The folks who work over at Google know how their CEO feels about gender diversity in the workplace. When a male software engineer at the tech giant published a 10-page memo entitled "Google's Ideological Echo Chamber" that decried Google's gender diversity initiatives, Sundar Pichai, Google's CEO, responded by firing him.
Sixty-six percent of women who work at Google say their CEO supports gender diversity in the workplace, according to research conducted by Fairygodboss, an online platform that offers company reviews and workplace resources for women workers. In fact, 64 percent of women in the broader tech sector feel the same way, and 60 percent of women workers in the general workforce do also, the research shows. But do your workers know how you feel about the issue?
Taking a Stand Employees Can See
It's important that workers know where the boardroom stands on issues such as diversity, but if the company isn't running proper employee engagement initiatives to keep a finger on the pulse of the workforce, executives may end up clueless about how their workers view them.
"People in leadership positions — particularly CEOs — run a high risk of not knowing how employees really feel," says Georgene Huang, one of Fairygodboss's founders. "This is because nobody wants to be the messenger that tells their CEO that their staff is unhappy or suspects they don't care about something important like gender diversity. There's a real danger that there is an echo chamber of happy news around a CEO. Therefore, if a CEO really wants to find out what their workforce thinks, they should survey them anonymously."
If a CEO should find that their employees don't know where the company stands, they need to do two things.
"First, communicate their position; this can be in a speech or company-wide memo, video, or presentation to staff," Huang says. "Second, take actions that back up that position. This can mean forming a task force to investigate equal pay and promotion issues, setting a company-wide diversity goal, or implementing policies and programs that demonstrate a commitment to gender diversity."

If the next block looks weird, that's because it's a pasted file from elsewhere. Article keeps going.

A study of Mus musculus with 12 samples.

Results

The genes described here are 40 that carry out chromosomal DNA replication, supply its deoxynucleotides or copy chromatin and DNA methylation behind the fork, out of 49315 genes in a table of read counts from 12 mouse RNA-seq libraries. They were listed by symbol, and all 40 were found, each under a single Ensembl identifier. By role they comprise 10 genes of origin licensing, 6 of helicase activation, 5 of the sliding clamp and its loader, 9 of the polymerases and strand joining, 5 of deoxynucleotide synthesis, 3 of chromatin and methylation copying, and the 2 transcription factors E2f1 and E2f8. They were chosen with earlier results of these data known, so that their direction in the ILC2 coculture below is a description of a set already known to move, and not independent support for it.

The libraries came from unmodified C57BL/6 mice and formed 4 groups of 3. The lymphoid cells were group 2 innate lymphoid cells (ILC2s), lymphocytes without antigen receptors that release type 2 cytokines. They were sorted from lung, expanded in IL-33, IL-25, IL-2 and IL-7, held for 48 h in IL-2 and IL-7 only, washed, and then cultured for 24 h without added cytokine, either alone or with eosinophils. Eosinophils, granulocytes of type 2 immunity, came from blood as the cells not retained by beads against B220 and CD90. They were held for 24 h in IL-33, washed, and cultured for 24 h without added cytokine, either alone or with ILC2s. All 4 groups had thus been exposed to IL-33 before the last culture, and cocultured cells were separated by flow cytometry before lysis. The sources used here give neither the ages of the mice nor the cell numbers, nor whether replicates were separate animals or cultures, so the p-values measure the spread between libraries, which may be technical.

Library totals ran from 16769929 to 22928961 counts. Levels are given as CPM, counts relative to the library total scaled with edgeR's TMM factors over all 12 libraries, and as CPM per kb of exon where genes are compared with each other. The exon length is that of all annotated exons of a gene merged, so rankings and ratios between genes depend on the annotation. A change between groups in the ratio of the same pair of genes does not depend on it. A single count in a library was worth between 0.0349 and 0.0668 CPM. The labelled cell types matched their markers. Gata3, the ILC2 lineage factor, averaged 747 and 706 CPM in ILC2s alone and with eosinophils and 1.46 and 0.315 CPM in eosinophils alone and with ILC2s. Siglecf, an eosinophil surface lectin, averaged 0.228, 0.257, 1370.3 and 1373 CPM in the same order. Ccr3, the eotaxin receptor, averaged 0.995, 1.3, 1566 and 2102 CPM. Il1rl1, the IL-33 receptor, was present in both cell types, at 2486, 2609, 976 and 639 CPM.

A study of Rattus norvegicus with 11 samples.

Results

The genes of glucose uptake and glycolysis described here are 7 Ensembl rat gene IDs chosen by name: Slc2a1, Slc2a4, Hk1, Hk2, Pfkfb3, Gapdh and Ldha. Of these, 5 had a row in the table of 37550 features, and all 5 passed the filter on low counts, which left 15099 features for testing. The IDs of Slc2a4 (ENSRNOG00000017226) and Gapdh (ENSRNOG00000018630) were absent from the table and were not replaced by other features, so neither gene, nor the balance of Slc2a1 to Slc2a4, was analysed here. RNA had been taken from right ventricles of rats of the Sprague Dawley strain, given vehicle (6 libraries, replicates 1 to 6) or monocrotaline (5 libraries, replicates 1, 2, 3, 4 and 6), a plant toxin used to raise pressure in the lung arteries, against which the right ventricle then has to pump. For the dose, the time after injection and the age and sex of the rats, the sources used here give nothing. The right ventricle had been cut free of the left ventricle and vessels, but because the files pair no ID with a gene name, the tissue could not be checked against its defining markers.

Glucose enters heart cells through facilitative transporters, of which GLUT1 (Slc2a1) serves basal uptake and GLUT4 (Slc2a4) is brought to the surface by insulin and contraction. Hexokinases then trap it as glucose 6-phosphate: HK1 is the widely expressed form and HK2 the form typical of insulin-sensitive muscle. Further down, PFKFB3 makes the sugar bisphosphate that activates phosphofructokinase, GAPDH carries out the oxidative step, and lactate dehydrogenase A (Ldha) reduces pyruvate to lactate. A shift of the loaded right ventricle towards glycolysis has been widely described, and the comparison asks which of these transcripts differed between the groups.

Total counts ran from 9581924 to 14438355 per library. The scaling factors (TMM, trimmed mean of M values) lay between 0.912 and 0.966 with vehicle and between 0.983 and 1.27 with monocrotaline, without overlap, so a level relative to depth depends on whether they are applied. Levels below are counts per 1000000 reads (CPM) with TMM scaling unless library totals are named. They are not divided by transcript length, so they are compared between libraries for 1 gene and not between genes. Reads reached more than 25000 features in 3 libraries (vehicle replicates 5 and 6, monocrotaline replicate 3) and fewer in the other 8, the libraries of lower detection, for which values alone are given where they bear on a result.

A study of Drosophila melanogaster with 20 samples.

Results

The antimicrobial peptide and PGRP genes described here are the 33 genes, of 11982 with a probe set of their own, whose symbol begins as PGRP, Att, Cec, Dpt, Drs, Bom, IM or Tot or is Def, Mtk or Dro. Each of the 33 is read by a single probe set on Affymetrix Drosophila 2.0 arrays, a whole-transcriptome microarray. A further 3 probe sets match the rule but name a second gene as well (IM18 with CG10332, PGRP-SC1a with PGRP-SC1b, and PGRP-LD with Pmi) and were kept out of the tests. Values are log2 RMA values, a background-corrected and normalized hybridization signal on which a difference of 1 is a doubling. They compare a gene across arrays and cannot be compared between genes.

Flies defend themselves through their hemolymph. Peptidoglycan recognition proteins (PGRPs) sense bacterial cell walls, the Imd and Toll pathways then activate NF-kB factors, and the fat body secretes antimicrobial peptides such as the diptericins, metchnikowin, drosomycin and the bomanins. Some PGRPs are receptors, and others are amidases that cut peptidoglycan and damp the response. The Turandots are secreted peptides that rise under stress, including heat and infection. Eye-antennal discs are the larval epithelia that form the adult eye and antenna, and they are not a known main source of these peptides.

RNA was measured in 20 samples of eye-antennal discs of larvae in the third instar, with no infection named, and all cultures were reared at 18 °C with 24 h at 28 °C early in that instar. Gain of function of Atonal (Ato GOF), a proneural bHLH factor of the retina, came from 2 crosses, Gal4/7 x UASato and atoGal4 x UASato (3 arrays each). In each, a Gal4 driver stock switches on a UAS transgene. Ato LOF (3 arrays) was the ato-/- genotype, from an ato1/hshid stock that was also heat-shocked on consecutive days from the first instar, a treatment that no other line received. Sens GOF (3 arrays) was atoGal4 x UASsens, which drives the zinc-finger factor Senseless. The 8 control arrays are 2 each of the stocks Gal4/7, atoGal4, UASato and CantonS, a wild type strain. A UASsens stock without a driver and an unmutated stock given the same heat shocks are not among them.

At the end of the day, it comes down to transparency with the workforce, with the press, and with other executives.
"The CEOs that support gender diversity are making their positions loud and clear," Huang says.
Leaders at Apple, Salesforce, Google, Facebook, Intel, IBM, Square, GoDaddy, Zynga, and Dell have come out publicly in support of gender diversity.
"This is not just about PR for these employers, but about making real investments in programs, policies, benefits, and cultural change," Huang says. "This effort is commonly remarked upon by women in our community who work at these companies and review their employers. While no company is ever perfect on matters of gender equality, making an effort can be felt by female employees. Almost without exception, these companies specifically talk about how their company is 'trying' or 'moving in the right direction.'"
Speak Out: Your Brand Demands It
"I think it's very damaging to an employer's brand to be seen as having leadership that does not support gender diversity," Huang says. "A reputation for not caring about gender diversity and equality will obviously make it harder — if not impossible — to attract talented female employees. There will also likely be an associated employee morale and retention problem."
Huang notes that the failure to support gender diversity can also have negative repercussions outside of recruiting and HR, hurting an organization's sales and marketing success.
"Consumers and clients care about purchasing products and services from companies that reflect their values, so this could also hurt a company's bottom line," Huang says.
If you're an executive, don't delay on engaging your workforce. Let them know that issues that affect them are important to you. Failing to do so could have drastic consequences for your brand, your profit margin, and your ability to attract and retain top talent.
So, tell us, CEO: How do you feel about gender diversity?